Historically when a settlement involving a client with medicare occurred, the plaintiff’s attorney would negotiate the amount of the payback due medicare. It took months of haggling with a bureaucrat about whether the bills paid by Medicare were related to the injury settlement. The process may have recently become much more complex and harder to navigate..
Since January 1, 2010 a new law has gone into effect. The law is intended to make sure Medicare is the payer of last resort, and that medicare gets paid off the top, if it has been billed for accident related medicals. The new reporting requirements, passed as part of the Medicare, Medicaid and SCHIP Extension Act of 2007, require insurance companies to provide information on settlements, including the name, address and phone number of the plaintiff and his or her attorney.
There are a lot of questions to be answered by this legislation. What about future medicare payments for treatment of accident related injuries? What about the client who was not a medicare patient when the settlement occurred, but will be entering Medicare later on? There is a good overview of this issue in the Wisconsin law Journal here. In the interview, plaintiff’s attorney Robert Janssen is quoted as saying:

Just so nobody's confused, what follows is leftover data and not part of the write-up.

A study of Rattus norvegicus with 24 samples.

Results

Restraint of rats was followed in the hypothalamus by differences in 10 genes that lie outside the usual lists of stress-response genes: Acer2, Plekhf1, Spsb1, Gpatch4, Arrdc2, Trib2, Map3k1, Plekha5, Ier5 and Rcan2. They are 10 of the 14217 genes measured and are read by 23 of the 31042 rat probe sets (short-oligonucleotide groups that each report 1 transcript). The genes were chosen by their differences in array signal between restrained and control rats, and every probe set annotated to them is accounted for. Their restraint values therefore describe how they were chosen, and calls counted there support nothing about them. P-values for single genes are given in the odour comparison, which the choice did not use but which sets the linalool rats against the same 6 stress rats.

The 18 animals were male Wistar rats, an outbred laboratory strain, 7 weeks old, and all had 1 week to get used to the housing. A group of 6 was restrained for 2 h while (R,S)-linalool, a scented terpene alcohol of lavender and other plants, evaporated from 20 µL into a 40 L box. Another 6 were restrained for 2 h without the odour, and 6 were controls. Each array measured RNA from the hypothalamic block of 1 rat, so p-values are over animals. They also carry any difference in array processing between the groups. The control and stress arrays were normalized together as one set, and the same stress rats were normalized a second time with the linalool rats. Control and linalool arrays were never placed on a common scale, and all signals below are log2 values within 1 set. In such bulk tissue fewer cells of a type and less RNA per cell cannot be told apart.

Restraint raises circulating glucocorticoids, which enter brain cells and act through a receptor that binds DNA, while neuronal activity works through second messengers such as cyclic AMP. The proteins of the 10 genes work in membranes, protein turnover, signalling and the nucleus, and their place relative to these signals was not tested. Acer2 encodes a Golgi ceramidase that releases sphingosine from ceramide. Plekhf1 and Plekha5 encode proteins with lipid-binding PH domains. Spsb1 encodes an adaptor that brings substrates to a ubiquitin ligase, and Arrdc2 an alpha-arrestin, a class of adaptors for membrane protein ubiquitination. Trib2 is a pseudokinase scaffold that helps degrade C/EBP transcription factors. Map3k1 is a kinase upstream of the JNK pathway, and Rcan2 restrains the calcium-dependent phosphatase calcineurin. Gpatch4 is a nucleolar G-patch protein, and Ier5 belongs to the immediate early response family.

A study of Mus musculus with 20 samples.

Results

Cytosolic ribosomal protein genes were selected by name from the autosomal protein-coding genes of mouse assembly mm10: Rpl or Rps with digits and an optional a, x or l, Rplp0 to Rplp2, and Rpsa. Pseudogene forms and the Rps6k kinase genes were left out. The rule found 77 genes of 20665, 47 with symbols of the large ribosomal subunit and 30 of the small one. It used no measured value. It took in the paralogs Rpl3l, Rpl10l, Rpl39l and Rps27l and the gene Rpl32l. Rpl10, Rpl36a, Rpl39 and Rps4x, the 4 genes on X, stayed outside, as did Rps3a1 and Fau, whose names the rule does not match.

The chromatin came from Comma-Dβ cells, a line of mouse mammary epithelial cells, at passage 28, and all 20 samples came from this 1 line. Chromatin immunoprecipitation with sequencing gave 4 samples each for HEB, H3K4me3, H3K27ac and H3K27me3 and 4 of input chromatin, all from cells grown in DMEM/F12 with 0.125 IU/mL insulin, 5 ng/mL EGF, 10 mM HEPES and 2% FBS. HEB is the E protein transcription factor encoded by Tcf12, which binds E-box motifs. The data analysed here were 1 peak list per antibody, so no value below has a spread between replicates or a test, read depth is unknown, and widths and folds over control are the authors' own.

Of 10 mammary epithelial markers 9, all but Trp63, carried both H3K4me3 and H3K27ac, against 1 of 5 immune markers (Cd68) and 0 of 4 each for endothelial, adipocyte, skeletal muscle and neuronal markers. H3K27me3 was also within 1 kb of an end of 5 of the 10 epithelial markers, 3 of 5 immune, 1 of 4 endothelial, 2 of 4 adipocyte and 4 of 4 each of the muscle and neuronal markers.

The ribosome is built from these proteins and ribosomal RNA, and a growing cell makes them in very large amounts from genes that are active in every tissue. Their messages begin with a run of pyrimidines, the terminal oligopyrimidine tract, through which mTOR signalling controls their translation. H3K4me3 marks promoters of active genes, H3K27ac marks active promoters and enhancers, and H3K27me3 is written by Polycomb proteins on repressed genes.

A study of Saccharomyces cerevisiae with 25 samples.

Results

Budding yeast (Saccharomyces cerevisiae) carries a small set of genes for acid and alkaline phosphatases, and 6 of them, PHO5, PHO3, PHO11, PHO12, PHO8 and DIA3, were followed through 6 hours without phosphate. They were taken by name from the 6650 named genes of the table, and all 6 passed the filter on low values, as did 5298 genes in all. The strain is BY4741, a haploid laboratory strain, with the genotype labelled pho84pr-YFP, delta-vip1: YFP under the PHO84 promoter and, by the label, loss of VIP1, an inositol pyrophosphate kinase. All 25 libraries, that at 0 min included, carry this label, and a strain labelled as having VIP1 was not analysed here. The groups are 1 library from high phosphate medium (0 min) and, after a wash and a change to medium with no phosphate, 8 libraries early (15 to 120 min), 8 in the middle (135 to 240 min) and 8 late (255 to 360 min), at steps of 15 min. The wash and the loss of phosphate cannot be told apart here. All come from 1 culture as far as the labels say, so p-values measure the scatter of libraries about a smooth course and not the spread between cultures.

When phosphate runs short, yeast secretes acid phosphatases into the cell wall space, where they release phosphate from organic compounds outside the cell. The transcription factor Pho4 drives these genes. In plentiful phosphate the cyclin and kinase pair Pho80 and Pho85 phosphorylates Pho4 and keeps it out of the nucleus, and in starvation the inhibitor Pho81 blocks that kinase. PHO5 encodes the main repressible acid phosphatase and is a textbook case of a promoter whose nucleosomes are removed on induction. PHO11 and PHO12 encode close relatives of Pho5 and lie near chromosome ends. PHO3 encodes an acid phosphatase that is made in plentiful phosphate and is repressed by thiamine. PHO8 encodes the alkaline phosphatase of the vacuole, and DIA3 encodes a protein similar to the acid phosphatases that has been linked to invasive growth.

“The prudent course of action is to keep Medicare’s interest protected by creating a bank account for accident related, future medical bills that would typically be paid by Medicare,” said Janssen. “This would be the case even though no formal Medicare set-aside is in place.”
I think plaintiffs attorneys representing medicare clients and those who are likely to start getting Medicare benefits before the case is settled ought to provide the insurance adjusters with a heads up as soon as possible so they can timely notify Medicare of the pending action. Or, Plaintiff’s counsel can do it just to make sure it is done.
We sure don’t want to get a case settled and then belatedly find out Medicare has not been notified yet. Based on this article, the client’s rights to future medicare may be cut off unless this is handled properly, and that would be a nightmare for them and the attorney who handled their claim.